OIL deals with three primary concepts: operators, types and indications. The operators which OIL refers to are strongly typed functions. The types which are named in an OIL specification are referred to as `primitive types' but there are also `constructed types' which are created at compile time. Indications are a name given to a list of operators which may be identified by an appearance of an indication in an expression.

Although operators, types and indications are primary terms in discussing OIL and operator identification, the rest of this chapter is devoted to explanations of:

Operator identification::
A review of operator identification by example.
Coercions::
Coercions allow the compiler to use a value of one type where another is specified.
Sets of possible types::
The set of all the types which an expression might return.
Classes::
A set of operators and coercions which can be instantiated for a newly created constructed type.
Names::
An enumeration associated with each operator, type and class identifier.

Operator identification

Anyone familiar with compiler construction is familiar with operator identification but may not necessarily know it by that name. Thus operator identification is introduced by an example.

In Pascal the expression x+y can have a number of meanings or it may be invalid. For it to be valid x and y must refer to type values which allow the identification of a well typed operator associated with +. The operator identified might be integer addition, real addition or set union. The operator identified is determined by the types associated with x and y and be formulated like:

  • x and y are both integer then integer addition

  • x and y are sets with the same element type then set union

  • one of x and y is real and the other is real or integer then real addition

  • otherwise x+y is undefined or an error

The + in x+y is called the indication and x and y are the operands. The process of operator identification chooses a strongly typed operator associated with the indication and has a type signature which matches the types of the operands. This is a simplification but it does capture the essentials of operator identification.

The operation of `matching' the operand type with the type signature is really the relation `is coercible to', see Coercions.

Coercions

A coercion is a distinguished operator which the compiler may insert in an expression to make operator identification possible. In the previous section the Pascal expression x+y could identify a real expression if x's type was real but y's type was integer. OIL allows this to be specified using a coercion from integer to real. Thus whenever an integer is supplied but a real is required the compiler may apply the coercion to the integer argument and thus have only real arguments to identify real addition with.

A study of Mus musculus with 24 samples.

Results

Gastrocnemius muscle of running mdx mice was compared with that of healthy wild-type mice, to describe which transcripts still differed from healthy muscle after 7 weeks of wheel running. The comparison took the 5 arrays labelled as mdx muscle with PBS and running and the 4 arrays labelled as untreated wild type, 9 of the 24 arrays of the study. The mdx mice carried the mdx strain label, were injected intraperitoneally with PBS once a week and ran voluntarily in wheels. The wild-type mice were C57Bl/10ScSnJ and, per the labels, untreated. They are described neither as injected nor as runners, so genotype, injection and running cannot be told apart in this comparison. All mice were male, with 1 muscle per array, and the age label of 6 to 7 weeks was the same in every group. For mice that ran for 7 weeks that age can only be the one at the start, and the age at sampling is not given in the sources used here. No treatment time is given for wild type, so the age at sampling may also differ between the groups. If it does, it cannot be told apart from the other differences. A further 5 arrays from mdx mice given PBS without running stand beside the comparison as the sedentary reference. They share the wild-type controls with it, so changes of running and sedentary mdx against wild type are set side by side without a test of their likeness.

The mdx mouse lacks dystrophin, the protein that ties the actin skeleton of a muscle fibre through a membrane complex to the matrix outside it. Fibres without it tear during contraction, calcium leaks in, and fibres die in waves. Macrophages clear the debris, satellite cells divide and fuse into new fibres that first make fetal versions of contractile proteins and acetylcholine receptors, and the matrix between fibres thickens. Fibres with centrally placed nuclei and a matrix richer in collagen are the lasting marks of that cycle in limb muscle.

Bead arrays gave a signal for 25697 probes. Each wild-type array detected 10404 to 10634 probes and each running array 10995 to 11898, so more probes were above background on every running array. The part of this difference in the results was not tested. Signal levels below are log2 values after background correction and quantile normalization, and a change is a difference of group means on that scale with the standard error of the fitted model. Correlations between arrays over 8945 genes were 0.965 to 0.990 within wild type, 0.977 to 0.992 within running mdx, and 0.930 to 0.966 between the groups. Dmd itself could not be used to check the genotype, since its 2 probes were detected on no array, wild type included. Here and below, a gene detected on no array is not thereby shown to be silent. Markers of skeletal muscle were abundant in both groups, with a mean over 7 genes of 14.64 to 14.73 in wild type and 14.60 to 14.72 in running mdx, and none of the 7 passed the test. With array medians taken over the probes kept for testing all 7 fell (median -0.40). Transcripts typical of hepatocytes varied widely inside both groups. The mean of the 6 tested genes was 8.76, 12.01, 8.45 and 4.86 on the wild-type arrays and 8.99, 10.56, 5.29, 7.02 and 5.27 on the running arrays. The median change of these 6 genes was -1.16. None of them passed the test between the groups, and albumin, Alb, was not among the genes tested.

If there is a coercion from type A to type B then type A is said to be `coercible to' type B.

A coercion sequence is any number of coercions applied in sequence. In OIL a coercion sequence is used as if it were a single coercion. Thus if type A is coercible to type B and type B is coercible to type C then there is a coercion sequence from type A to type C. The elements in the sequence are the coercion operators in the order they need to be applied to satisfy the type constraint. Thus using a coercion sequence type A may match and argument of type C.

Coercion sequences lead to a revised definition of `coercible to'. If there is a coercion sequence from type A to type B then type A is said to be `coercible to' type B. Note that since a coercion sequence may be empty every type is coercible to itself.

Sets of possible types

Each type has an associated set of possible types. A type B is in the set of possible types for type A if A is coercible to B.

Likewise an expression may have a set of possible types. Take x+y as an example. The set of possible types associated with the expression would include the result type of any operator which can be identified by + and an element from the set of possible types for x and an element from the set of possible types for y.

Note that the set of possible types is a transitive closure of the relation `is coercible to'. When a new coercion is created then the transitive closure of every type may need to be updated. But in practice this is not the case and most coercions have no impact on the set of possible types for most types.

Classes

Formally OIL's classes are parametric abstract types. But they may be most easily comprehended as a procedure which takes some types as an argument and creates a new type and adds a set of operators and coercions into an existing type schema. The net effect being that the new operators may now be identified and the set of possible types for some types may be increased.

Consider the subrange type constructor in Pascal. It creates a coercion from the subrange to the base type.

Names for operators, types and classes

You will want associate semantics to the identifiers in your OIL specification. Names allow a convenient way of doing that. All types, classes and operators have names associated with them. The name is represented as a definition table key (see The Definition Table Module of Definition Table) and can be referenced in your attribute grammar by the identifier used in the OIL specification.

The name associated with an ADT type, class or operator is accessed by using the unary functions: OilTypeName, OilClassName and OilOpName.